Geneva : The two sides of being Fifa President Sepp Blatter are on display just before the troubled World Cup kicks off on June 12. Acclaimed by world football leaders but held in contempt by many football fans.
Blatter should arrive at the Itaquerao Stadium in Sao Paulo to watch host Brazil play Croatia confident that this tournament — his fifth as president — won’t be his last leading the world’s favourite sport.
One day earlier, the 78-year-old Blatter should ask for, and get, consent from 209 Fifa member federation bosses to seek another four-year presidential term. “Yes, I would like to do it,” Blatter said earlier this month about his expected candidacy for the secret ballot scheduled May 29, 2015. “My mandate is almost over but my mission is not finished.”
The endorsement at the Transamerica Expo Center might be a personal high point of Blatter’s stay in Brazil, a country which loves football but not the cost levied on taxpayers to stage the month-long show.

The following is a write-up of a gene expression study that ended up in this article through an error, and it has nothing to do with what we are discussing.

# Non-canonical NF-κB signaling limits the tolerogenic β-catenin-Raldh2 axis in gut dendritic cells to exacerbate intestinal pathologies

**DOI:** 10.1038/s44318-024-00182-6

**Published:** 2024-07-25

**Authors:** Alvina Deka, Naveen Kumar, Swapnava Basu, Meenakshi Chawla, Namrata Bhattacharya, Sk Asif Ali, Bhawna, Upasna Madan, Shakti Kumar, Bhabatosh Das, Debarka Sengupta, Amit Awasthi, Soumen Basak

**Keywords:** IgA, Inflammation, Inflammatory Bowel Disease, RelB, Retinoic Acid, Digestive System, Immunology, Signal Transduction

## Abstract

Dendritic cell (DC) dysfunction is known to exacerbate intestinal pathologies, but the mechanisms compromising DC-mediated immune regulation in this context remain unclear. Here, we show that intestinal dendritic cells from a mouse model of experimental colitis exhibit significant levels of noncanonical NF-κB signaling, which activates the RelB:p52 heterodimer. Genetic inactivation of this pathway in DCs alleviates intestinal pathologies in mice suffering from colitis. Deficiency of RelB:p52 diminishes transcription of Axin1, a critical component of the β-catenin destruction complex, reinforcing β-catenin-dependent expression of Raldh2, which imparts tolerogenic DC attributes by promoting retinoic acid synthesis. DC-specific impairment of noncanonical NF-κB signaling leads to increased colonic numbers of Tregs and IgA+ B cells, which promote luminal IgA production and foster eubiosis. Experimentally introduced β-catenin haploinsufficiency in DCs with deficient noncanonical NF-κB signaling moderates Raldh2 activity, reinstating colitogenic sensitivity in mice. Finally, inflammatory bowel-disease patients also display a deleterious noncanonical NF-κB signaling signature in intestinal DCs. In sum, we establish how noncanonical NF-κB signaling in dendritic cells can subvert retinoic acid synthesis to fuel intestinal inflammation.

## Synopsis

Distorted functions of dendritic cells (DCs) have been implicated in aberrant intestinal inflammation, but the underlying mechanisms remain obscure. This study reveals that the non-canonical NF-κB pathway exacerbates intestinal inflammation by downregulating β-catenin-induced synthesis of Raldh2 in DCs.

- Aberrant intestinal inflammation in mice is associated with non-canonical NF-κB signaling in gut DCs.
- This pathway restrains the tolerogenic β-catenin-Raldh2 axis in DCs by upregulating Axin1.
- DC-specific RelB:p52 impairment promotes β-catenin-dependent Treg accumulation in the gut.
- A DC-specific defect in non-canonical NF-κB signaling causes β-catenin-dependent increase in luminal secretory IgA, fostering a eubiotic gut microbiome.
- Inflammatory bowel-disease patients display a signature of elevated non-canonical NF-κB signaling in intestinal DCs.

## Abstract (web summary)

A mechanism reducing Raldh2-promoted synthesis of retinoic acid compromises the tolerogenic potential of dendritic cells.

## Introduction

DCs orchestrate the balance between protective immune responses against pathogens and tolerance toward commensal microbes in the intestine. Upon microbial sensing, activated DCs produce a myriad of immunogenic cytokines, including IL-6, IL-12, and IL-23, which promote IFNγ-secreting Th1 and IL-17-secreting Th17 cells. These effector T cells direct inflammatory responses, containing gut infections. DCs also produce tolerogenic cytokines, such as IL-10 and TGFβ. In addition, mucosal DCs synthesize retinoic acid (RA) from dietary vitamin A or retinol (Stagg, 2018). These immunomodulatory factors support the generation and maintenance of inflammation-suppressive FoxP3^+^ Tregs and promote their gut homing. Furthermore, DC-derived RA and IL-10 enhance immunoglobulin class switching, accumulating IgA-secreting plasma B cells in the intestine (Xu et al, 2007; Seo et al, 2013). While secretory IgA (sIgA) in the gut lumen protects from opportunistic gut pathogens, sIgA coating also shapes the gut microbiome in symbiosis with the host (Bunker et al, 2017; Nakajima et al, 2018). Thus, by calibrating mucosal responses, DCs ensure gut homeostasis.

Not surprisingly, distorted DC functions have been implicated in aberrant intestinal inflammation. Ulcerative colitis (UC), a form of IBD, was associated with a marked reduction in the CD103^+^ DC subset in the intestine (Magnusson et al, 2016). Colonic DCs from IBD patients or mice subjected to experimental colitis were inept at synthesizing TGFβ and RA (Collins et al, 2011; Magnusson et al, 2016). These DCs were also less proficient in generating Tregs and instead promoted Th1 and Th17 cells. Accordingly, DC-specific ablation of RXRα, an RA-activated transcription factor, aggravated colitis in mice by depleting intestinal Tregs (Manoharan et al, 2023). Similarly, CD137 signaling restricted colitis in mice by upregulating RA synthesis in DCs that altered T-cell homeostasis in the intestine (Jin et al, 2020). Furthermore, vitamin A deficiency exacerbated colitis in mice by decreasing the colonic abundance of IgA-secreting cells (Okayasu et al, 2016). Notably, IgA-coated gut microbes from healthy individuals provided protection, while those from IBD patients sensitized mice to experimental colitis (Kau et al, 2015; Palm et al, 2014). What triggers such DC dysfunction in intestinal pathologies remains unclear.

When Blatter appears on a public stage he faces inevitable boos and jeers — just as at previous World Cups and the Confederations Cup held in Brazil last June. The fact
Fifa pays no tax to Brazil’s public finances from its $4 billion revenue for broadcasting and commercial deals tied to the 2014 World Cup is an added provocation. Even if it is a standard demand on countries wanting to host a World Cup.
Blatter, who often travels and is feted like a head of state, is a useful target for social activists and for football fans familiar with the corruption cases that have involved some of its senior officials. A change to usual World Cup protocol means that presidents of Fifa and the host nation will not make speeches in the stadium during the opening ceremony.